What we've been reading in October

Here are the articles, videos, and tools that we’ve been excited about this October.

We hope you enjoy these links, and we look forward to hearing what you’ve been reading in the comments or on the Interrupt Slack.

Articles & Learning

Neat Open Source Projects

  • lupyuen/remote-pinetime-bot by Lee Lup Yuen
    In another installment in the PineTime series, Lee documents how he built a Telegram bot that remotely flashes his smartwatch.
  • STM32-base
    A project whose goal is to provide a working base project for STM32 MCU’s. If you don’t use the project, at least look at their cheatsheets. They are amazing.
  • ploopy - Open Source mouse running QMK
    An open-source mouse running the QMK firmware, which is soon delivering its pre-orders! You can follow along on /r/ploopy.
  • Kitspace
    Kitspace is a place to share ready-to-order electronics designs. They also maintain the “1-click BOM” browser extension that helps quickly price out parts on Digikey from an Excel spreadsheet. Where has this been all my life?
  • Three open source Sonos projects: efficient embedded development in Rust
    I’m happy to see Sonos keeping some of the open-source projects alive from Snips, the company they acquired a bit ago. The projects include an on-device test library, a neural network inference library, and a tool that helps bind C, C++, and Rust.
  • MicroMod by SparkFun
    A modular hardware system built by SparkFun that allows one to switch out “processor boards” on “carrier boards”. I’m curious to see where this goes!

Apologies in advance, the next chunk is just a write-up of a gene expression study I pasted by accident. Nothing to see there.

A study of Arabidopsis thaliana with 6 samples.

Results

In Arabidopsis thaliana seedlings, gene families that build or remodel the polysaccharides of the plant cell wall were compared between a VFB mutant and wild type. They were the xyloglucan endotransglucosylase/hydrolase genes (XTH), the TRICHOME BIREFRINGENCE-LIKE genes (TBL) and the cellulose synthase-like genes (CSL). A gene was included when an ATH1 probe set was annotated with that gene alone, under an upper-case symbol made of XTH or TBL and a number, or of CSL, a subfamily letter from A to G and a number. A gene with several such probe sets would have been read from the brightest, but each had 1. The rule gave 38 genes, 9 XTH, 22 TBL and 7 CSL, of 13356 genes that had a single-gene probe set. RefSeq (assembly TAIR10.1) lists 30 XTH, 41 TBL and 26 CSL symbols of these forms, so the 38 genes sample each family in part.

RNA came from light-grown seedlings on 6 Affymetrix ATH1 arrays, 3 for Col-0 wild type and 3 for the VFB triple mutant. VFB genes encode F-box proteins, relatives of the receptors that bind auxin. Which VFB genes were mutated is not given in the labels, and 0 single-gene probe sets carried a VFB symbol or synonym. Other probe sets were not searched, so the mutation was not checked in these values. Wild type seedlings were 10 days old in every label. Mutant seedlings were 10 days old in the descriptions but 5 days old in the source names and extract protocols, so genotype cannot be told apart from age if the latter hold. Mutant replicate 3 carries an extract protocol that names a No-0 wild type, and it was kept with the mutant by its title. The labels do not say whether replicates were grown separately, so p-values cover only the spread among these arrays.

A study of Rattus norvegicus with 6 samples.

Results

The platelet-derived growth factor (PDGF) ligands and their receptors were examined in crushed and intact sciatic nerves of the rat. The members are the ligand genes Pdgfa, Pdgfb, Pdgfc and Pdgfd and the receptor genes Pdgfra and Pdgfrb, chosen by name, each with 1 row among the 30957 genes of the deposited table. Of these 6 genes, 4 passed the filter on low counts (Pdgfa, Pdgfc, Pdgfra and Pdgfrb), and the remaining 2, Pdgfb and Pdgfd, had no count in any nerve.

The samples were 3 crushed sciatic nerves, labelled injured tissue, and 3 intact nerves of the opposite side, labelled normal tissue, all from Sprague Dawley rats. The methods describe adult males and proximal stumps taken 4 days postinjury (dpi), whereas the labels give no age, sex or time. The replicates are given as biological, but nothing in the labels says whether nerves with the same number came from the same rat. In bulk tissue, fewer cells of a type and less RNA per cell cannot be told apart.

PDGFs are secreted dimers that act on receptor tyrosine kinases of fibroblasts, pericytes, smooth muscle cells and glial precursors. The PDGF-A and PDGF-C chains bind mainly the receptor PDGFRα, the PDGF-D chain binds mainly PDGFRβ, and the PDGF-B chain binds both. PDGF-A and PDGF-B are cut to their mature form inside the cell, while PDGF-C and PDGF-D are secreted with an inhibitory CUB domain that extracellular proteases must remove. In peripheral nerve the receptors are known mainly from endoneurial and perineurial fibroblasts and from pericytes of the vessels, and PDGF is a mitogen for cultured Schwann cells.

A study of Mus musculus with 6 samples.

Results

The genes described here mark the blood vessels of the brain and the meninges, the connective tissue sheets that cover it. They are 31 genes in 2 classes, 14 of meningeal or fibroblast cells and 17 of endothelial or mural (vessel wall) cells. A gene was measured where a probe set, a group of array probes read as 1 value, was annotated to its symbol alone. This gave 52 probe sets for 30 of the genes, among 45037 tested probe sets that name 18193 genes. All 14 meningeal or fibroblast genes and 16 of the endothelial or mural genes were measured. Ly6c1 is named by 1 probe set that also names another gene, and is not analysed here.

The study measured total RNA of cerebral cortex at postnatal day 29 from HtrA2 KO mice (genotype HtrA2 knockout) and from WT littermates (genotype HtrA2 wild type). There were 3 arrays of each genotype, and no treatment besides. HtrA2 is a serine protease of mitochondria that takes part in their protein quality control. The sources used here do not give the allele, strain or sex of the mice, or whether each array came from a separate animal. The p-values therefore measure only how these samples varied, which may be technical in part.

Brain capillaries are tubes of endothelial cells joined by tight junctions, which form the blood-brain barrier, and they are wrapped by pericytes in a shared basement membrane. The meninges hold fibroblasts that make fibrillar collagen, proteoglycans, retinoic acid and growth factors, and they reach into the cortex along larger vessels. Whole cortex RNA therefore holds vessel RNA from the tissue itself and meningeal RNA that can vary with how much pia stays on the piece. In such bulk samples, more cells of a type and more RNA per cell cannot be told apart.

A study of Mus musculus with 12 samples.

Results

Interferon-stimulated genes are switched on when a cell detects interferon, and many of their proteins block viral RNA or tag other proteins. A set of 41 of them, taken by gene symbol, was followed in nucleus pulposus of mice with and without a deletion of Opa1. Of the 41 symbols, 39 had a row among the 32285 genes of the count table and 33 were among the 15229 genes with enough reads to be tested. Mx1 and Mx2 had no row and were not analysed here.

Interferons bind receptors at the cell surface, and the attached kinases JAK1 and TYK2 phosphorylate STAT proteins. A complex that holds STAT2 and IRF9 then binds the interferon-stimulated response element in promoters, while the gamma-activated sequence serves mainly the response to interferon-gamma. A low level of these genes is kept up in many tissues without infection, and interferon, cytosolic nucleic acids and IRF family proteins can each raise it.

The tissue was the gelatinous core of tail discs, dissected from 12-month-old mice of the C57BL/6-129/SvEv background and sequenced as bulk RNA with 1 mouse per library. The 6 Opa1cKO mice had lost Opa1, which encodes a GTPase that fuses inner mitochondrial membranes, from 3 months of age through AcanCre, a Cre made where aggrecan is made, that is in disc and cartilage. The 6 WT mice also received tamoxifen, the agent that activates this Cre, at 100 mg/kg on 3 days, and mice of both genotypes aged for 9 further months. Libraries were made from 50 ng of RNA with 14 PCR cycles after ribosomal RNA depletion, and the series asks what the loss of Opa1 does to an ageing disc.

• brainstorm/bbtrackball-rs
    A Rust-based blackberry-style trackball firmware. It also mostly works on OSX! It seems to be more of a learning exercise.
  • FsmPro*
    A nice finite state machine generator for Windows and Linux that generates C code from diagrams. Not an open-source project, but felt I should include it.

News

  • Google and Facebook Select Zephyr RTOS for Next Generation Products
    Although we don’t have much further information, it appears Google and Facebook are supporting the Zephyr project and will be using it in future products. I guess instead of buying an RTOS, Facebook and Google will just support the already existing one. I support this.
  • Introducing Twilio Microvisor IoT Platform
    Twilio announced what I think is the coolest use-case of ARM’s TrustZone. It allows you to debug and flash chips remotely and securely if you are using Twilio’s software or boards. There’s more information to be uncovered about this.
Tyler Hoffman has worked on the embedded software teams at Pebble and Fitbit. He is now a founder at Memfault.